Jun 07, 2024 | 3:47 pm ET
By Deborah Yetter

A new middle school is planned for a long-vacant site in West Louisville where Passport Health, the state’s first Medicaid managed care company once hoped to build its corporate headquarters.

The news was celebrated at a press conference Friday by a host of state and local officials and representatives of the predominantly Black area of Louisville who have long lobbied for development of the 20-acre site at 18th and Broadway.

Molina Healthcare is donating the site it acquired in 2022 for about $7 million after it bought out Passport, which ceased construction of its headquarters amid financial problems brought on by changes in state Medicaid policies.

It will be first new middle school to be built in the predominantly Black community in 90 years, said school Superintendent Marty Pollio, who spoke at the event that also included Gov. Andy Beshear and Louisville Mayor Craig Greenberg.

“We thought this would be a great place for a new middle school in West Louisville,” Pollio said. “I never in my wildest dreams thought they would donate this plot of land.”

Ryan Sadler, president of the company now called Passport by Molina HealthCare, said the decision comes after several years of meeting with community groups to determine the best use for the site.

“We are all here today for West Louisville,” he said.

Molina also plans to open a “one-stop” health and wellness center on the site to serve area residents, Sadler said.

Molina, a Fortune 500 company based in Long Beach, California, serves about 296,000 Kentucky Medicaid members, making it the second largest of the six managed care companies, or MCOs that oversee health services for Medicaid enrollees. It is the single largest Medicaid MCO for patients in West Louisville.

Pollio also included a surprise announcement: JCPS will consider locating a new headquarters on the West Broadway site, replacing its aging building in southeast Jefferson County, he said.

But the first step is to begin construction on what he described as a “state of the art” middle school as a home for the Dr. J. Blaine Hudson Middle School opened last year temporarily in a former elementary school. The new school is expected to open in 2026 and is named for Hudson, a longtime Louisville scholar, educator and Black activist who died in 2013.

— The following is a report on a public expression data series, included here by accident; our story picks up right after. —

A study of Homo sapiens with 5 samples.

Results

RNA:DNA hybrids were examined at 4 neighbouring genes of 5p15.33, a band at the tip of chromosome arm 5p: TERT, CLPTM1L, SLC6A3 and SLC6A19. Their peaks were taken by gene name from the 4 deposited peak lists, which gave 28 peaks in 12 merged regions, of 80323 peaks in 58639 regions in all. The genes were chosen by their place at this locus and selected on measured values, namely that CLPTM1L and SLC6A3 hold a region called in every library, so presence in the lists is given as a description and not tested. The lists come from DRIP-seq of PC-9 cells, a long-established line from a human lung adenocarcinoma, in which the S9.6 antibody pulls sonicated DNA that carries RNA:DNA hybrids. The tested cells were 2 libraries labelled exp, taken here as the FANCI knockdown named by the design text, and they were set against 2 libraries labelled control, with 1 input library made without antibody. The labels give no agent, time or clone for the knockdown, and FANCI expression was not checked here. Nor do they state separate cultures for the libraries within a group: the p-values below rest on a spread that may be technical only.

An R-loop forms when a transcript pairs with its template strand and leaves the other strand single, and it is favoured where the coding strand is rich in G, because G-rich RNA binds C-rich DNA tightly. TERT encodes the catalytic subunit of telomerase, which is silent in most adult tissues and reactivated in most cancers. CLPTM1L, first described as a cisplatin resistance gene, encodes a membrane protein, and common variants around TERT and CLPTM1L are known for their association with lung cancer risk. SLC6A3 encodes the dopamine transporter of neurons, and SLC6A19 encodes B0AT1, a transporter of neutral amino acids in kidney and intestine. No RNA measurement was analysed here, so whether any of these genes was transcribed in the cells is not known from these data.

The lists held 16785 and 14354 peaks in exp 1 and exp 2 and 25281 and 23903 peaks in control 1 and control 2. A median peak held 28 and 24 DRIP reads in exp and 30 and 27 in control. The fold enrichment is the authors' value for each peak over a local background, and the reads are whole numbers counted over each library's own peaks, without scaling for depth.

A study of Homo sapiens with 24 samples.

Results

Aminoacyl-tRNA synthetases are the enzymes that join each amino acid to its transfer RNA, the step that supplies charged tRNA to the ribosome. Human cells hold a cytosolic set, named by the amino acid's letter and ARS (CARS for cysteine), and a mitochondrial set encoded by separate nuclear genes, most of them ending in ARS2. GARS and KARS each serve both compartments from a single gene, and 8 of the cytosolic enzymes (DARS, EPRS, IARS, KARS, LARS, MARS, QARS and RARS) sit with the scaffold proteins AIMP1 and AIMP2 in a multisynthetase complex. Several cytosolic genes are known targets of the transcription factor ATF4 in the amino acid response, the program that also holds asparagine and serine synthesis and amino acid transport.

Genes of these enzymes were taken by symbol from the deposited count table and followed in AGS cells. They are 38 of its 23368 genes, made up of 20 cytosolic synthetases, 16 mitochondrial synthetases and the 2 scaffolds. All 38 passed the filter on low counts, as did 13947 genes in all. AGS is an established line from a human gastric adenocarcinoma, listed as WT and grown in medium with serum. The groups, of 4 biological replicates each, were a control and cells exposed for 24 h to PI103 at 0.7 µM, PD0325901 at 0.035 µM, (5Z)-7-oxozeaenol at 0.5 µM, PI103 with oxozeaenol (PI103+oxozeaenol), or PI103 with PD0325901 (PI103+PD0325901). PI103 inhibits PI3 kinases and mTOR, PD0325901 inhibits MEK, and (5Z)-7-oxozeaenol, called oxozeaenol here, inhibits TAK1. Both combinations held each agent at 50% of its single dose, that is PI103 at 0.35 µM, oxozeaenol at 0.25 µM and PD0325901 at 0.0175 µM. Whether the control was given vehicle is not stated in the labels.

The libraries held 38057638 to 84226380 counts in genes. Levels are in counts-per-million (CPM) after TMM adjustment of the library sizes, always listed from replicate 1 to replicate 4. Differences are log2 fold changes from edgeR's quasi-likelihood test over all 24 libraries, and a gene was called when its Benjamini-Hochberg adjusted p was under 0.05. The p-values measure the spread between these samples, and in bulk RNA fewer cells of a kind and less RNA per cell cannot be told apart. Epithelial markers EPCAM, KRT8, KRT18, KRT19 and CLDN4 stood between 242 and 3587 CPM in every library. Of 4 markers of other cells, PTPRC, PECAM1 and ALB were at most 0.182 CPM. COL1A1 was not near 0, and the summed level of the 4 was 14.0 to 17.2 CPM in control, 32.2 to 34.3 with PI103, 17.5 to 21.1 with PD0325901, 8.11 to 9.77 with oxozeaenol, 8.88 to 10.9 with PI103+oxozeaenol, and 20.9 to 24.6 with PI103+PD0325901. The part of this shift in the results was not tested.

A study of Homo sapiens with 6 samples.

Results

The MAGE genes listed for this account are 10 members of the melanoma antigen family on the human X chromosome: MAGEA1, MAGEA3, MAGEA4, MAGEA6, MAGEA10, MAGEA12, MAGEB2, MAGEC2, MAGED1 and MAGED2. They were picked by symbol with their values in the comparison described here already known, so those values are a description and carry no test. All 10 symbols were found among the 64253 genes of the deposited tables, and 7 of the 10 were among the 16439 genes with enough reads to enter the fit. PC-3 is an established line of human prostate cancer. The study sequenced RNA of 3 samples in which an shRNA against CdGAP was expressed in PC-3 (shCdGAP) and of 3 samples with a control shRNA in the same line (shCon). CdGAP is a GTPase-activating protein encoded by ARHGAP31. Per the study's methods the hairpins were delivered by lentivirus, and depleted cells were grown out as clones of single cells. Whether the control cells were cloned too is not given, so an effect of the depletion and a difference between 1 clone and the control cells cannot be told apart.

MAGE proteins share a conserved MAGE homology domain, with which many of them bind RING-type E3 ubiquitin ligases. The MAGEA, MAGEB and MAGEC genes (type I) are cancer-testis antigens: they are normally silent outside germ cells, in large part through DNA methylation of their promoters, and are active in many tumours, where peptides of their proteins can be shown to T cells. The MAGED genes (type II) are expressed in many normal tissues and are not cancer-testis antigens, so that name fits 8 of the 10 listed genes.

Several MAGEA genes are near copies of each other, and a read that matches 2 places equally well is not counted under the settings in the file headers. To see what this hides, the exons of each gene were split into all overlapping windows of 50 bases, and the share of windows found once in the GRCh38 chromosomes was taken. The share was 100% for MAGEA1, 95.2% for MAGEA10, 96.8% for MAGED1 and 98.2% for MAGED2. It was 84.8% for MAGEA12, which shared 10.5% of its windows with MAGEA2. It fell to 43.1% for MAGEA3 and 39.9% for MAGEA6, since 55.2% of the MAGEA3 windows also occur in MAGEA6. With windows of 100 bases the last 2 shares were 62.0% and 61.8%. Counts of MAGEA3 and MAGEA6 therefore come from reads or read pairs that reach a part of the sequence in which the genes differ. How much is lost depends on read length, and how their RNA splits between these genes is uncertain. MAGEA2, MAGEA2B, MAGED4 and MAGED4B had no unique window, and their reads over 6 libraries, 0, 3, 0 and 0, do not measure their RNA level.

Development of the site has been long sought by community leaders as a source of jobs and economic growth for the historically disadvantaged West Louisville.

Vacant for 20 years, it had been a symbol of promise for leaders in the largely Black community who were excited about Passport’s plan to locate its headquarters there. But they grew increasingly concerned after construction ceased amid Passport’s financial problems.

Passport had proposed its headquarters and a health and wellness site at 18th and Broadway but was forced to suspend construction in 2019 amid a revenue shortfall it blamed on Medicaid rate cuts enacted by the administration of former Gov. Matt Bevin.

Bevin, a Republican and critic of Medicaid expansion under the Affordable Care Act, had proposed limiting benefits and restructured how his administration paid MCOs — which Passport, as the largest provider in Louisville, claimed unfairly cut its reimbursement for health claims.

The Bevin administration at the time denied the rate cuts were unfair to Passport.

Beshear, a Democrat who defeated Bevin in the 2019 governor’s race, in comments Friday alluded to the dispute.

“A little over six years ago, a previous governor stopped a $100 million construction of this building,” said Beshear, now in his second term. “I made you a promise that if I were elected, we would develop this property.”

Molina Healthcare donates site for West Louisville’s first new middle school in 90 years
Rev. Charles Elliott, left, a West Louisville pastor who has long championed development of the vacant site in West Louisville, was among the crowd at Friday’s announcement. (Photo by Deborah Yetter/Kentucky Lantern)

Among those in the crowd was Rev. Charles Elliott, whose King Solomon Missionary Baptist Church is near the site and who once led a prayer delegation to Frankfort in support of the Passport project.

Beshear directly addressed Elliott, a prominent West Louisville pastor.

“Pastor Elliott, I remember looking at you and saying, ‘West Louisville deserves better,’ ” Beshear said as Elliott nodded.

Other speakers echoed enthusiasm over the plan for the site.

Jefferson County School Board chairman Corrie Shull called Friday “an awesome day to be alive.”

“We are incredibly grateful for this day,” added Hudson school principal Jeronda Majors.

Passport faced potential demise after it failed to get its contract renewed with the state in 2019, but was saved by the sale to Molina, which was a successful bidder for Kentucky’s Medicaid business.

Kentucky’s $1.5 billion-a-year Medicaid program covers about 900,000 low-income and disabled adults and about 600,000 children, with most of its money coming from the federal government.

Passport was established in 1997 as a non-profit company designed as a pilot project to try to control rising Medicaid costs in the Louisville area, a model officials hoped to take statewide. It was Kentucky’s first Medicaid MCO.

But efforts to create such entities in other parts of the state failed and the state in 2011 began awarding its Medicaid business to Passport and outside, for-profit companies.

Friday, with the rusting steel beams of the former Passport site in the background, officials were ready to look ahead.

“Congratulations to everyone involved,” Beshear said. “We look forward to cutting the ribbon on these amazing projects.”

This article and headline have been corrected. An earlier version said the project would be the first new middle school in Jefferson County in 90 years. It will be the first new middle school in West Louisville in 90 years.